Disaster Planning for Pandemic Flu

Editor’s Note: In searching for information on DR planning for a pandemic, I came across this article from December 2005. It was first published on BankersOnline.com in response to the bird flu scare H5N1 that was making headlines at the time. Since it appears a pandemic may indeed be upon us, in the interest of time BOL was kind enough to let me re-purpose it on CIOUpdate.com. The article is just as relevant―if not more so―today and provides links to some great resources if you haven’t already included a pandemic in your disaster planning scenarios.

You’ve prepared for the worst. You’re ready for robberies, hostage situations, extended power failures, long term communication loss, fire, floods, tornados, hurricanes, earthquakes, and even nuclear strikes. But are you ready for the flu? Maybe it’s time. We have some information and resources you’ll want to be familiar with.

Not just any flu, pandemic flu. The Center for Disease Control (CDC) reports that the flu kills 35,000 to 40,000 Americans every year. Another 200,000 are hospitalized. A pandemic flu is much more serious than normal flu outbreaks and occurs only a few times each century. The CDC estimates that a “medium-level” pandemic flu may cause up to 207,000 deaths in the United States. Another 725,000 hospitalizations and 20-47 million people being sick, with an economic impact in the range of $71 – $166 billion. A pandemic flu could easily leave 25-30% of the workforce ill for an extended period. And the experts agree; we are overdue for our next pandemic.

In the 20th Century, there were three pandemics: The Spanish flu of 1918-1919 was the worst of the pandemics causing over 500,000 deaths in the US and up to 50 million worldwide. Over half of those who died were young, healthy adults. The Asian flu of 1957-58 caused about 70,000 deaths in the US. And the Hong Kong flu from 1968-69 caused nearly 34,000 American deaths.

Unlike most disaster scenarios, with pandemic flu, your main concern is not the loss of equipment or operations facilities, but instead the people necessary to make it all work. So, how do you prepare for a pandemic that could leave you without 30% of your workforce for weeks or months?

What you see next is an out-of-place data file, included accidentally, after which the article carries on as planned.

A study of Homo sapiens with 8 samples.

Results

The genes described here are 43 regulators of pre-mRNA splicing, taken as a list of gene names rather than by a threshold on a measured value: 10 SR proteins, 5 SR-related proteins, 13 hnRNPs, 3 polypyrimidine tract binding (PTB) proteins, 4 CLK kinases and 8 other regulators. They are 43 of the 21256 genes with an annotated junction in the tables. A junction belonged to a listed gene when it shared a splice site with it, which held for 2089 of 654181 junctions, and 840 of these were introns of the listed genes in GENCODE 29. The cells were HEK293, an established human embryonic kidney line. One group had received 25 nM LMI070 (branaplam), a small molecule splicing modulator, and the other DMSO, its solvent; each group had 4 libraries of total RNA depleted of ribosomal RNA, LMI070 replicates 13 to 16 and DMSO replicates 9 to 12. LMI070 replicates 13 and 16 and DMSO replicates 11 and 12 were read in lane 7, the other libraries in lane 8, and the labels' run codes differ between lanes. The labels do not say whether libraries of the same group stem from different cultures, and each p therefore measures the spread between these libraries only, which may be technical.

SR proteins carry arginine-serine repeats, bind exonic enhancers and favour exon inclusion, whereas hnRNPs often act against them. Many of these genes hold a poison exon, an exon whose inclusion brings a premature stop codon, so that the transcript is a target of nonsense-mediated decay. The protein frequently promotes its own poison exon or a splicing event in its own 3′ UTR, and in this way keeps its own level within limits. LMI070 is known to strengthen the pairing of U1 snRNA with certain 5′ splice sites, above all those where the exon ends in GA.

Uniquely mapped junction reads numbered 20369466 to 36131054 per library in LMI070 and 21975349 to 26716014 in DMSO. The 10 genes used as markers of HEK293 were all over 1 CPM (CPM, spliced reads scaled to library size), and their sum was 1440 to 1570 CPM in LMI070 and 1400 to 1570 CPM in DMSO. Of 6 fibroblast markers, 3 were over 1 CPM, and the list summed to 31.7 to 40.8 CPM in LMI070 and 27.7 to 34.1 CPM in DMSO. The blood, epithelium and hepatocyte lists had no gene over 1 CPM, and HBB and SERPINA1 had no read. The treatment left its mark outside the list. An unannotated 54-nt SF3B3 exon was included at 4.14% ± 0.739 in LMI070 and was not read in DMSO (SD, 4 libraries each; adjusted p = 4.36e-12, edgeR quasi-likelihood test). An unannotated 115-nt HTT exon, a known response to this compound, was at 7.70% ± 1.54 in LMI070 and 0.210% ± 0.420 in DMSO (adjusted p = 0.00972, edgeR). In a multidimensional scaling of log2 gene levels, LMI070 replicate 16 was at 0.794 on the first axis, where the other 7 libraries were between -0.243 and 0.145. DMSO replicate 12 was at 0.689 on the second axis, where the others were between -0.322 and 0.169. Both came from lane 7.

• Review your Business Continuity Plan, determine the impact that long term illnesses will have on operations and update the plan accordingly.
  • Appoint a pandemic coordinator and/or team with defined roles and responsibilities.
  • Identify critical functions and essential employees required to continue normal operations by location.
  • Cross train employees from multiple locations with minimal face-to-face contact to be able to fill these essential roles.
  • Determine what functions could be conducted remotely and provide for secure access in the event of a pandemic.
  • Review personnel policies for sick leave compensation and guidelines for when employees are allowed to return to work after a pandemic illness. This may be one time it pays to pay employees for extended illness.
  • Have posters and other material available to educate your employees on proper hygiene in the event of virus outbreaks.
  • Collaborate with authorities to participate in the planning process and to be more aware of potential threats.

The above list is just a small sample of what needs to be done in the event of a pandemic flu. A complete business oriented checklist from the CDC may be found at: CDC Business Continuity Checklist for Pandemics.

More information on pandemic flu may be found at:


CDC Pandemic Influenza: Worldwide Preparedness

WHO: Ten things you need to know about pandemic influenza

An excellent source for information on Business Continuity Planning is available from BOL Guru Dana Turner at: Disaster Recovery & Business Resumption Planning.

And the National Institute of Standards and Technology’s Contingency Planning Guide for Information Technology Systems may be found here: NIST Contingency Planning Guide for Information Technology Systems.

For the sake of conciseness, this article was edited. To see the complete article, please click here.

At the time of this article’s original printing, Jeff Patterson, a 25 year IT industry veteran, worked in the technology department of a large Oklahoma-based financial institution where he oversaw support and vendor management for many of the institution’s key applications. He has taught application programming, database design and development and database administration classes. His expertise includes enterprise application development, network infrastructure, information systems risk analysis, project management, and database design and administration.